Mich. Wine Producers Seek More Land

The Associated Press
Thursday, July 19, 2007; 2:48 AM

COLOMA TOWNSHIP, Mich. -- Entering the southwestern tip of Michigan, travelers might feel they've ventured into California's Napa Valley or the Tuscany region of Italy.

Rows of grapevines and fruit trees rise and fall with the gently rolling hills of northern Berrien County and western Van Buren County.

About 1,500 acres in the state are devoted to wine grapes. Michigan ranks eighth among states that produce wine grapes.

The Michigan Grape and Wine Industry Council wants to increase wine-grape production to 10,000 acres by 2024 _ an expansion it hopes will provide a bit of a boost to the state's sluggish economy.

Last year, the state handed out more than $265,000 in grants as incentives to expansion-minded growers and winery owners. Some of the money was spent on new equipment, such as machines that prune vines. One grant went toward the development of a premium vodka distilled from grapes.

Joe Herman, co-owner of Karma Vista Vineyards and Winery, added seven new acres of wine grapes in May, expanding the vineyard to 50 acres. He also is preparing to help others interested in getting involved in wine production.

He and Dave Miller, a winemaker at St. Julian Winery, are using one of the state grants to start a consulting and management firm. They will advise clients on choosing property for vineyards, planting vines and building wineries, and will offer to manage the new operations.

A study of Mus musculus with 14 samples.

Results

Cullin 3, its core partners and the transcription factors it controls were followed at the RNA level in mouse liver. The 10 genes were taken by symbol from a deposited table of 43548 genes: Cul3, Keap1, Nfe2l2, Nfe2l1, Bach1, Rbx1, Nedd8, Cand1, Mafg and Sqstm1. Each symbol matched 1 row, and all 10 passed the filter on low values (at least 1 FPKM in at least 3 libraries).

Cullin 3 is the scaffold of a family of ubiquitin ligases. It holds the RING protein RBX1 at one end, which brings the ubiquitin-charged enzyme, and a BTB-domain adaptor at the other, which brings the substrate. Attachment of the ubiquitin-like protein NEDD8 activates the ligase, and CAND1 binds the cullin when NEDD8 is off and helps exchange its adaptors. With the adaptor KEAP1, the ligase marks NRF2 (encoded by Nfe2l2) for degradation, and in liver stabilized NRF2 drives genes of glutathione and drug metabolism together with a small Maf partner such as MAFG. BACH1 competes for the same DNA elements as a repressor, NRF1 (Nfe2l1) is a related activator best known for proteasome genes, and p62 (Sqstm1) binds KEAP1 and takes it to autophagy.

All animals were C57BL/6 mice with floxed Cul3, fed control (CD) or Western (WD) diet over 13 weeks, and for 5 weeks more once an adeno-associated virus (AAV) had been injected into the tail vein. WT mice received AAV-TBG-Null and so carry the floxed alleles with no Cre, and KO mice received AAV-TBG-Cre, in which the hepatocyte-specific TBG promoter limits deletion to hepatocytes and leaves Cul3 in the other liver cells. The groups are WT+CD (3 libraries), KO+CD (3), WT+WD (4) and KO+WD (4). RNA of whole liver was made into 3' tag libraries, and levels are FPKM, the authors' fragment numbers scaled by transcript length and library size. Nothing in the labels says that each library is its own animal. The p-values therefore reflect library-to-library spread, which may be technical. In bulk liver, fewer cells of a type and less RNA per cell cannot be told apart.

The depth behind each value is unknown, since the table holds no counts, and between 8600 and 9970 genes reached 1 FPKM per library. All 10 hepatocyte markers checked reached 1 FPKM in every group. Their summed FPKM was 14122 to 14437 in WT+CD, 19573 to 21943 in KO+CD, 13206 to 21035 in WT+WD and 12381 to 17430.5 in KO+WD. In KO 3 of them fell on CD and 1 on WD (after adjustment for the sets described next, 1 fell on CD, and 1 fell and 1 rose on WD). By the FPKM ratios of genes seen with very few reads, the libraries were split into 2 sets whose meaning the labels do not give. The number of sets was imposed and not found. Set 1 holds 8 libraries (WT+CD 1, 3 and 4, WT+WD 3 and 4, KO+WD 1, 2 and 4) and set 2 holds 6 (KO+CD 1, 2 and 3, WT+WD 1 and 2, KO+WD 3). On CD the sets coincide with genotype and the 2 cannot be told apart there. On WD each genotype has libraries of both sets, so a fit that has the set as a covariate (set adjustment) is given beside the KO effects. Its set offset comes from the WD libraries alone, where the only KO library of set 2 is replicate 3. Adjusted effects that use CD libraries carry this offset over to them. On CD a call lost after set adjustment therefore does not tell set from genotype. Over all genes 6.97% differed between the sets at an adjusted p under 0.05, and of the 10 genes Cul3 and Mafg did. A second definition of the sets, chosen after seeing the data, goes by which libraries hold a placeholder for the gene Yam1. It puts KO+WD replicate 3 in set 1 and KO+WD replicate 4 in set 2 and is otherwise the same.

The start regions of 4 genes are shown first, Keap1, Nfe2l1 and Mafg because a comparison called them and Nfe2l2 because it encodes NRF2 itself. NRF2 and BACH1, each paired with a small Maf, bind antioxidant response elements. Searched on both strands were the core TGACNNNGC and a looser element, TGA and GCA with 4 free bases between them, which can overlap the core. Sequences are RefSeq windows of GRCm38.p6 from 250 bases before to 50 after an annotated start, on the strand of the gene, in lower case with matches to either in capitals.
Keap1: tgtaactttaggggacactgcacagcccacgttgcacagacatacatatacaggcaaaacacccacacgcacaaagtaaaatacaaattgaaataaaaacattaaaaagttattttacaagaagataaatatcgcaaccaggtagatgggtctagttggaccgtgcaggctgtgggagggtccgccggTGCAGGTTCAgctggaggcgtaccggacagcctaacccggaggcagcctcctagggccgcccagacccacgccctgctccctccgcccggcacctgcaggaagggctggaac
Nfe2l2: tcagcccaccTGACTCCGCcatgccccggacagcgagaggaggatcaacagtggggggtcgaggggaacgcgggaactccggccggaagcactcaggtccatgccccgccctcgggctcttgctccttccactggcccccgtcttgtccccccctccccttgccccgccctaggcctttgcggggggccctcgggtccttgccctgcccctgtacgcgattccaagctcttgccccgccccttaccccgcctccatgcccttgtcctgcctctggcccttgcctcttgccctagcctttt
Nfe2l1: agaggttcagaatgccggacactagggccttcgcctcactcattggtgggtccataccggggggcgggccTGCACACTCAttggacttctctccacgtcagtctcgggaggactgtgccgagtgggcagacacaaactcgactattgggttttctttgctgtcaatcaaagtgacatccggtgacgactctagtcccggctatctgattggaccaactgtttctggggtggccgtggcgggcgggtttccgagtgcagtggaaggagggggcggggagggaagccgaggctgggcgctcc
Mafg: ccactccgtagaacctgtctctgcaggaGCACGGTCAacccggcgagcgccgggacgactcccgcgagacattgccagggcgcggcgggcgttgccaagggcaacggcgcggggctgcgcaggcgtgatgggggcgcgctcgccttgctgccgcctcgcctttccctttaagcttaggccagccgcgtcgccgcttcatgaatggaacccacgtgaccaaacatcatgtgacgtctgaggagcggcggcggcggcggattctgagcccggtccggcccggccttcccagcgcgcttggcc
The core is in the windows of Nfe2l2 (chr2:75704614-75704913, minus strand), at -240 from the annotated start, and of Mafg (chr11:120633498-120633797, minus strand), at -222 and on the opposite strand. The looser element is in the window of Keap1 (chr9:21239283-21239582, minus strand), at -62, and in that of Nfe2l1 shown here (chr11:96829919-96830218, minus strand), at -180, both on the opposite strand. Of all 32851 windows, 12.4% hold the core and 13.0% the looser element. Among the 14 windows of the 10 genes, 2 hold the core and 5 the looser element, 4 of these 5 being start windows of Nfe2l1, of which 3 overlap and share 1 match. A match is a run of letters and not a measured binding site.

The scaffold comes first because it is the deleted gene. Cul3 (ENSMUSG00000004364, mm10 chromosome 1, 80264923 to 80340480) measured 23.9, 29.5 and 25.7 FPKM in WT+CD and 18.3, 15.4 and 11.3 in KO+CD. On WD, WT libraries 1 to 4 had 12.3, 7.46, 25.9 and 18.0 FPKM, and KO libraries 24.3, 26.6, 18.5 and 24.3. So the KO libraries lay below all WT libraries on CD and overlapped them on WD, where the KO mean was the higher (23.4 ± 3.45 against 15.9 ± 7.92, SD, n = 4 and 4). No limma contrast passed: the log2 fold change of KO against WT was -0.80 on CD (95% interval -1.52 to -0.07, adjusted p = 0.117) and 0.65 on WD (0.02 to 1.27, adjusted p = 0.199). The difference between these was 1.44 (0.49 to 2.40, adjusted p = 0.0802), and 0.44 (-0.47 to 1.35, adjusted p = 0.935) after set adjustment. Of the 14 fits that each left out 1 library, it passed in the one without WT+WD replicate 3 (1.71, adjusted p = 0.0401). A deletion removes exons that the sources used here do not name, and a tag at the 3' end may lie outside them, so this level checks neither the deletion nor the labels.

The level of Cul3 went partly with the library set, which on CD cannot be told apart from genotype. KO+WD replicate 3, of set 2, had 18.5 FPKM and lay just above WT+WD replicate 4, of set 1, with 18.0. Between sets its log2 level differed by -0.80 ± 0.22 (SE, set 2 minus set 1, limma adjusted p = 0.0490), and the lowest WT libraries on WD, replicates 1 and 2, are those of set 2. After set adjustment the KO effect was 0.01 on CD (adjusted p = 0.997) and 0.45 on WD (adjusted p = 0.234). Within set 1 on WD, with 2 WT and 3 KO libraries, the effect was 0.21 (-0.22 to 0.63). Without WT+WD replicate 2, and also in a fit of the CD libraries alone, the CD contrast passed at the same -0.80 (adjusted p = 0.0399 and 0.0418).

Herman says he backs the council's plans for growing the industry but cautions that similar efforts have backfired in such places as Australia because demand for their wines was overestimated.

"There's this huge potential (for success) but there's also this potential to overdo it," says Herman, 52, a lifelong farmer. "Can we sell that much? That will be the key."

At his winery about 75 miles east of Chicago, he not only sells his wines _ varieties include Cha Cha Chardonnay, Starry Starry White and Stone Temple Pinot _ but also wine glasses, corkscrews, T-shirts and other items.

Michigan's wine industry has been growing steadily since the mid-1970s, says Linda Jones, executive director of the council, which was created in 1985 to promote the industry.

Choosing their sites carefully and aided by Michigan State University researchers, growers started planting the traditional European varieties of grapes used in nearly all the world's wines. Several varieties thrived, including Chardonnay, Riesling, Pinot Noir and Merlot.